One of the things that makes Rome such an interesting place to visit is that he whole city feels like a landmark unto itself. Most of us think of visiting Rome and imagine we’re traveling to a cluster of well-preserved buildings and artifacts from a legendary empire that ruled the known world 2,000 years ago. The cool thing is, this is sort of true! But there’s more to Rome than a small cluster of ruins. It’s a large modern city with attractions that give us glimpses of multiple amazing chapters of history. So rather than expecting to see it all just by touching down at the airport, it is actually necessary to pick and choose and decide what you want to make an effort to see in person.
I have a few suggestions….
There’s no end to the intrigue that surrounds the Roman Pantheon. To begin with it’s one of the best-preserved ancient structures anywhere in the world, with columns at the entrance and a gigantic concrete dome that make it wonderful just to look at. It’s also fascinating to note that you can still attend a weekend mass in the Pantheon, meaning it’s still an active church. Perhaps most intriguing of all however is the building’s history. Put simply, we still don’t know what it was for beyond the fact that it was a pagan temple.
The Roman Forum is maybe the best place in the city or its surroundings to get a glimpse of what life may have been like when the empire was thriving. That’s because rather than being a single building or ruin it comprises a small section of the city. It’s basically what’s left of a number of monuments and government buildings, which taken all together really are something of a snapshot of ancient times.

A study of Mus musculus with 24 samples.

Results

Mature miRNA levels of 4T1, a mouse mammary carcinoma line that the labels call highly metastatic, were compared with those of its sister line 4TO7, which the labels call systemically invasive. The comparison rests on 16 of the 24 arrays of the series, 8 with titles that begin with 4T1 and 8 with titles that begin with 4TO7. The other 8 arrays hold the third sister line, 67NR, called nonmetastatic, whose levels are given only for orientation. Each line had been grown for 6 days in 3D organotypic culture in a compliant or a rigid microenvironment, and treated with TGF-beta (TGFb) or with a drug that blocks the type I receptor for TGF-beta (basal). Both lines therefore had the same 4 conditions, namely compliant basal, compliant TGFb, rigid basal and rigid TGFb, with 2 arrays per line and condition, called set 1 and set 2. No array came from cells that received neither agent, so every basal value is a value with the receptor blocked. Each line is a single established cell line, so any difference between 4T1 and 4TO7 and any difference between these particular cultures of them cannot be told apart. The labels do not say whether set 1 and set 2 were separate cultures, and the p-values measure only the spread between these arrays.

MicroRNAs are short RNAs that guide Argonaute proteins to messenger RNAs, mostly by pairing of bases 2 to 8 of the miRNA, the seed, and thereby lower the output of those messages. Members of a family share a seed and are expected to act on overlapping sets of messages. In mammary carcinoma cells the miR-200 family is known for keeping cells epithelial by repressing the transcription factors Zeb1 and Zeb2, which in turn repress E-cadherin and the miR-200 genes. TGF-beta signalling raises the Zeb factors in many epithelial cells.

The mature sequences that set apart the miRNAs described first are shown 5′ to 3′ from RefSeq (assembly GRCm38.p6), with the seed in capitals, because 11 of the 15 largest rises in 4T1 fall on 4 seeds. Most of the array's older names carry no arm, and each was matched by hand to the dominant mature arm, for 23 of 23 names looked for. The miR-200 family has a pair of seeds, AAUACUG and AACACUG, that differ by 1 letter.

For a lot of people, the Colosseum is the first thing that comes to mind in relation to Roman tourism. This is actually pretty amazing given how hard it was to build and how hard it’s been to maintain. The weak economy in Italy in recent years has actually led to tax and lottery funding being funneled toward restoration, which is just to say it takes work and money to keep this indelible landmark looking as great as it does. Even so however, its true wonder is the sense of history you can get just from being in its presence.
When you hear the word “hill” in conjunction with Rome, it calls to mind the seven hills between which the city was famously built. Gianicolo Hill is actually not among them though. It’s a little farther outside the main city, yet also a little higher, such that after a little bit of a hike you can get an unrivaled view of Rome itself.
The Spanish Steps are among the more famous attractions in Rome that aren’t buildings or works of art. They were built in the 1700s with influence from French diplomats and Italian designers, and are comprised of 135 exceptionally wide steps connecting two piazzas via what would be a steep incline. They’re actually quite impressive, though some also visit them merely as a means to watch the surrounding city. There are enough attractions nearby that it’s a busy area and it can be fun to sit near the top of the steps and watch Rome.
St. Peter’s Square
Frankly Vatican City could be treated as a separate entity entirely, particularly given that it is a separate country. I could point to St. Peter’s Basilica, the Sistine Chapel and other famous places in this tiny bit extraordinary area. But really the place to get a feel for this part of Rome is St. Peter’s Square, where so much of the Vatican’s glory is on display all around you.